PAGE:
All Victorian ladies, by which we mean women of sufficient means to be able to follow fashion, wore roughly the same types of garments during the course of the nineteenth century. What changed was the cut, construction, materials and the overall silhouette created.
The basic underwear consisted of a chemise and drawers next to the skin (later substituted sometimes by combinations) and a corset to shape the figure. Over these was worn an under-petticoat, sometimes with a corset cover, or alternatively, an all-in-one petticoat with bodice attached. Then came a skirt support of some kind - such as a stiffened petticoat, crinoline, or bustle, to create the right silhouette for the skirt. The skirt support was covered by a decorative petticoat, which sometimes showed at the bottom of the dress. This was the minimum number of petticoats that could be worn, but at times it was fashionable to wear more. Underwear was relatively plain and utilitarian during the first half of the nineteenth century and became progressively more decorated with lace and embroidery during the second, culminating in a glorious explosion of frilly froth by the end of the era.
Over the underwear came the dress itself. Sometimes this was made as a separate matching bodice and skirt, sometimes as a single garment joined at the waist in a seam and occasionally it was a one-piece princess dress with no waist seam. Some dresses were also made in more than two pieces, with bodice, skirt and a variety of other matching draperies and overskirts. The cut and construction of the dress varied with fashion and is a subject worthy of close study.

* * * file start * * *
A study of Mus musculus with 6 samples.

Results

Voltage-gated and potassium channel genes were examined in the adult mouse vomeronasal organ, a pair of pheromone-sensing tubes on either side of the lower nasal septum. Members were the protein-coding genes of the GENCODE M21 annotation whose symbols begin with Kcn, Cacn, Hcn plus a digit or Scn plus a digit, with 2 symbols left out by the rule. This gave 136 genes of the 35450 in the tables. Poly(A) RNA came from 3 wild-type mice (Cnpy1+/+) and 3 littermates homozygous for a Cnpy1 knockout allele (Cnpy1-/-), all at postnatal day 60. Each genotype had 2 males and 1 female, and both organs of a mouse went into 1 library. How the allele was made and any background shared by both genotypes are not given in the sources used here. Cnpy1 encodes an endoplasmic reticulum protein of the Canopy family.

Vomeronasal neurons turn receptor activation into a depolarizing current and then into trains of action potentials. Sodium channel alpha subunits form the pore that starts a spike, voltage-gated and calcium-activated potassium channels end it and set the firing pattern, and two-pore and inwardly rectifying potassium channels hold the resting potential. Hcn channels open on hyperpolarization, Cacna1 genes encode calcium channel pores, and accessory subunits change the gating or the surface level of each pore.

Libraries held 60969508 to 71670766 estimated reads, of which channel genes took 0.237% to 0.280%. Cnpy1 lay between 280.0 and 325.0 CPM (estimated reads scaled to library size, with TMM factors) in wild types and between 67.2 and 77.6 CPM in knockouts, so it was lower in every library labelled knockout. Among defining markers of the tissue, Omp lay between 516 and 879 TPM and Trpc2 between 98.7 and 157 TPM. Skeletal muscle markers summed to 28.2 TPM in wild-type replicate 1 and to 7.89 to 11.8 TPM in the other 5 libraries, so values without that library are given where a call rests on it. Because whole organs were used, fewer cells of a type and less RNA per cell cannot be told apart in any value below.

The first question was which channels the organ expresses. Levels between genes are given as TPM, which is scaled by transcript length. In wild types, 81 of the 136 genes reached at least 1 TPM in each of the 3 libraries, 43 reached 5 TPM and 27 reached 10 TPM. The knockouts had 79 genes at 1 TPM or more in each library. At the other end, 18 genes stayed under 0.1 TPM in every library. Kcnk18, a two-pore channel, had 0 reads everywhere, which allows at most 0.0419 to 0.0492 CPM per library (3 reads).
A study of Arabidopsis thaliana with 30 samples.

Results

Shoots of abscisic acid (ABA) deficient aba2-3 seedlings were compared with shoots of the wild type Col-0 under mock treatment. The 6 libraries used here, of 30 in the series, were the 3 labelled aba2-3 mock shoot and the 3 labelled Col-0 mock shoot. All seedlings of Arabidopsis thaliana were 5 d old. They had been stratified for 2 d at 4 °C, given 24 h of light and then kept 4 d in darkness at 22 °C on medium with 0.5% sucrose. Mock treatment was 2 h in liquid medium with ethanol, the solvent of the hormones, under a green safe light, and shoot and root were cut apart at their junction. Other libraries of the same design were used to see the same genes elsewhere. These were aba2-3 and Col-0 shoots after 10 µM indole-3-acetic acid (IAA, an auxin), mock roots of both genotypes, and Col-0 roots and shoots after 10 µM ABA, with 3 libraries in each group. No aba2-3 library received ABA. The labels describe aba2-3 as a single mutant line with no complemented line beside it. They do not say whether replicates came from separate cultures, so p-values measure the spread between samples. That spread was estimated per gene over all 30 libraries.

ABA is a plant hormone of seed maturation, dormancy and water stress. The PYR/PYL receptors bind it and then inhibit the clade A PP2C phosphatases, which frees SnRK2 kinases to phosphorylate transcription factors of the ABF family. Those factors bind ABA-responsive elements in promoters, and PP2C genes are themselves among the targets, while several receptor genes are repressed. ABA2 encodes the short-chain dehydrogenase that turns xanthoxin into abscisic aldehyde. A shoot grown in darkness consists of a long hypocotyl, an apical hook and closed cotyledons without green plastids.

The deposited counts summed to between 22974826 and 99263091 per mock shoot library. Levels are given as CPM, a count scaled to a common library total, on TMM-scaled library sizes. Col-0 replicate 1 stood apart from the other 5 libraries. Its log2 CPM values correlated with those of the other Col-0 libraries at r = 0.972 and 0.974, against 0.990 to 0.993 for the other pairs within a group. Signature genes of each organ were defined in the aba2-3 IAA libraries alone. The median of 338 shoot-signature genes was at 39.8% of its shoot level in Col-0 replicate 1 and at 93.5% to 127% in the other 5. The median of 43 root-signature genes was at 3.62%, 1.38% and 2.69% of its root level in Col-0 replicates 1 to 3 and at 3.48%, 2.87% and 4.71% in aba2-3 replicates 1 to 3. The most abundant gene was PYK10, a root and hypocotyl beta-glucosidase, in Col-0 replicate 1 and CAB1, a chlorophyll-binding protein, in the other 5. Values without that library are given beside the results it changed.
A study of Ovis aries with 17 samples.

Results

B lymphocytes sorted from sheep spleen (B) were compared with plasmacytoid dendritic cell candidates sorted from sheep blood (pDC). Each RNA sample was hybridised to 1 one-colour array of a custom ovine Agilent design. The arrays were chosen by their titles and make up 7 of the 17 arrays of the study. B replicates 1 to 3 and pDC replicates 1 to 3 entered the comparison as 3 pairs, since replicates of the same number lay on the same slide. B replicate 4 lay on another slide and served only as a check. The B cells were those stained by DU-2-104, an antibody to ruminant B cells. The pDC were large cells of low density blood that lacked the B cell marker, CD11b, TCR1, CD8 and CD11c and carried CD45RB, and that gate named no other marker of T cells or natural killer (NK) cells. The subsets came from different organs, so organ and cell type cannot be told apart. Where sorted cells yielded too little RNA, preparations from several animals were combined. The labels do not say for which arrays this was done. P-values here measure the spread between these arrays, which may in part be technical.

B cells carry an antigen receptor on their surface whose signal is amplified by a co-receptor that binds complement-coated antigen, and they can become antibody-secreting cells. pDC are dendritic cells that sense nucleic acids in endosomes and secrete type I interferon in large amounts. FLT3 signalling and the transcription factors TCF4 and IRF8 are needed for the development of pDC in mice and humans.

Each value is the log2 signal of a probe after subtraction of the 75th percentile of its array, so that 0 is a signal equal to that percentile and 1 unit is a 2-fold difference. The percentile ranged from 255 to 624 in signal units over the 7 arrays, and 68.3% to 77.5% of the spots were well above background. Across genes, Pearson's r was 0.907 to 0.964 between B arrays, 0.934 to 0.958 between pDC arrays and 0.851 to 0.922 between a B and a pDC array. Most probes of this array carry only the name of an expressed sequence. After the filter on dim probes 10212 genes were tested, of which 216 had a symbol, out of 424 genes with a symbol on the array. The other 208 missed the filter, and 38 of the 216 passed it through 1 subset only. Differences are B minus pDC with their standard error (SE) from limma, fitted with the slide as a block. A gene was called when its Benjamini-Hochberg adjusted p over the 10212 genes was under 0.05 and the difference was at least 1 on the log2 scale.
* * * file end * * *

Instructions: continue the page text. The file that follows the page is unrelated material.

The look of the dress itself was completed by fashionable matching accessories that were considered essential - such as collars, cuffs, under-sleeves and chemisettes (neck fill-ins). Some dresses even required a decorative shirt or blouse to be worn with them, to provide all these accessories in one. Eventually the blouse became an acceptable fashion item in its own right.
Outer wear such as jackets, capes, cloaks, shawls and mantles were worn over the dress. Some dresses were made with matching capes and jackets to be worn indoors. It was also sometimes fashionable for the dress bodice to be cut like a jacket.
On their legs (an anatomical region never referred to by a lady) were worn stockings (tights were not popularly worn until the twentieth century). These were held up initially with garters tied round the leg, then with slip-on, elastic ones. Eventually stocking suspenders were sewn to the bottom of the corset by the end of the century. Shoes and boots varied during the century. Flat slippers were fashionable in the first half of the nineteenth century, though flat-heeled, short boots or half-boots were also worn outdoors. Boots and shoes eventually developed heels during the second half of the century and boots also increased in height up the leg.
Caps were worn indoors by all married and older ladies of the early Victorian period. Decorative hair-nets also enjoyed brief popularity. Outdoors, caps were covered by bonnets, or hats were worn, usually without a cap underneath. Eventually the demure cap and bonnet disappeared by the 1890s and only the stylish hat remained.
Other important Victorian accessories include gloves, purses,
parasols, fans and of course, jewellery.